I am not sure there are any larger lessons to learn from the shootings at the Sandy Hook Elementary School in Newtown, Connecticut, in December 2012. Mental illness isn’t the answer: Millions of Americans suffer from such maladies, few become shooters. The over-abundance of firearms isn’t the the answer: By that standard, we’d all be dead several times over, given the ubiquity of weapons in our gun-crazed culture. And reference to evil doesn’t do the trick; it’s a labeling exercise, adding nothing but a sense of closure to our understanding of the world.
Still, the Newtown shootings require explanation, even if we can’t explain them. The slaughter of 20 children at school shocks, and the loss of six adults with the children at the school remains a source of sorrow, as does the murder of Adam Lanza’s mother in her bed that horrible morning. And let’s not forget Adam Lanza, a lost child himself, who seemed to tire of the slaughter midstream, and simply turned a weapon on himself.
As the Newtown shootings took place, I was in a courtroom on the other side of the state, giving a closing argument in another shooting case. In my case, a young black male shot another in the head in a dispute over nothing in particular. When we left the courthouse for lunch, news of the Newtown shootings was on the street. Of course, I was shocked, and troubled, but I also wondered where the outrage was over another senseless shooting in an inner city.
Matthew Lysiak’s Newtown: An American Tragedy (Gallery Books: New York, 2013) just hit the stands. There was no question that I would read it. I spotted it while Christmas shopping. Upon seeing it, my first thought was “What took so long?” Every catastrophe spawns an almost instantaneous literature.
Lysiak is a journalist who embedded himself in Newtown in the weeks immediately following the shooting. Nothing he wrote surprised me. Yet, I could not put the book down. Cynic though I am after decades of seeing sorrow in courtrooms, the book made me cry. He writes in detail of teachers comforting terrified students, and of lawmen arriving on the scene only to be undone by what they saw.
The book was published just after the release of a report on the shootings by the Danbury State’s Attorney’s Office, another document I read with something like a sense of dark duty. The state’s attorney’s report told me nothing about the shooter, Adam Lanza. Lysiak writes in great detail about his emotional struggles through a short life, and how his mother struggled to get him the care he needed. Those who think a better method of detecting troubled kids might have prevented the shootings will be disabused of that notion: Adam Lanza was a storm cloud long on the horizon. School officials had for years made special effort to keep a helping eye out for him.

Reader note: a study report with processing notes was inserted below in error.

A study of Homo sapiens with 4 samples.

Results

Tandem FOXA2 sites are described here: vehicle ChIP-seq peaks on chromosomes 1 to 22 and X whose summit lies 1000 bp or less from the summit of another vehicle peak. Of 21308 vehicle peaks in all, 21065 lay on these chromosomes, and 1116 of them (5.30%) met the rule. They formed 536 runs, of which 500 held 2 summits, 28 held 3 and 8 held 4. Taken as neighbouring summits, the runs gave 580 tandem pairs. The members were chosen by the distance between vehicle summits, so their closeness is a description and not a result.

And still he slipped through the cracks. His mother sought care and help, and could not find it. In the months before the shooting, he became more isolated, spending days, weeks, and months holed up in the family home, obsessively playing violent video games and researching mass shootings. Lysiak suggests he might have been shooting for the record books in his case, yielding the terrifying prospect that somewhere, even as you read this, a lone wolf broods in some secret lair, trying to conceive a shooting even more deadly, more spectacular, than Lanza’s.
The book’s most surprising conclusion is an obvious one: Violent crime in the United States is decreasing, and has been for the past two decades, yet the incidence of mass shootings is increasing. How to explain that paradox?
Lysiak has no answers. His was simply the task to bear witness. He provides brief snapshots of the lives lost at Sandy Hook. It is difficult reading -- so much life lost, and so much sorrow thereafter.
I’m not sorry I read the book, even if I do feel in part like a driver slowing to look at some horrible highway accident. Newtown was terrifying. What transfixes about this story is the knowledge that there will another, and there is little we can do to stop it.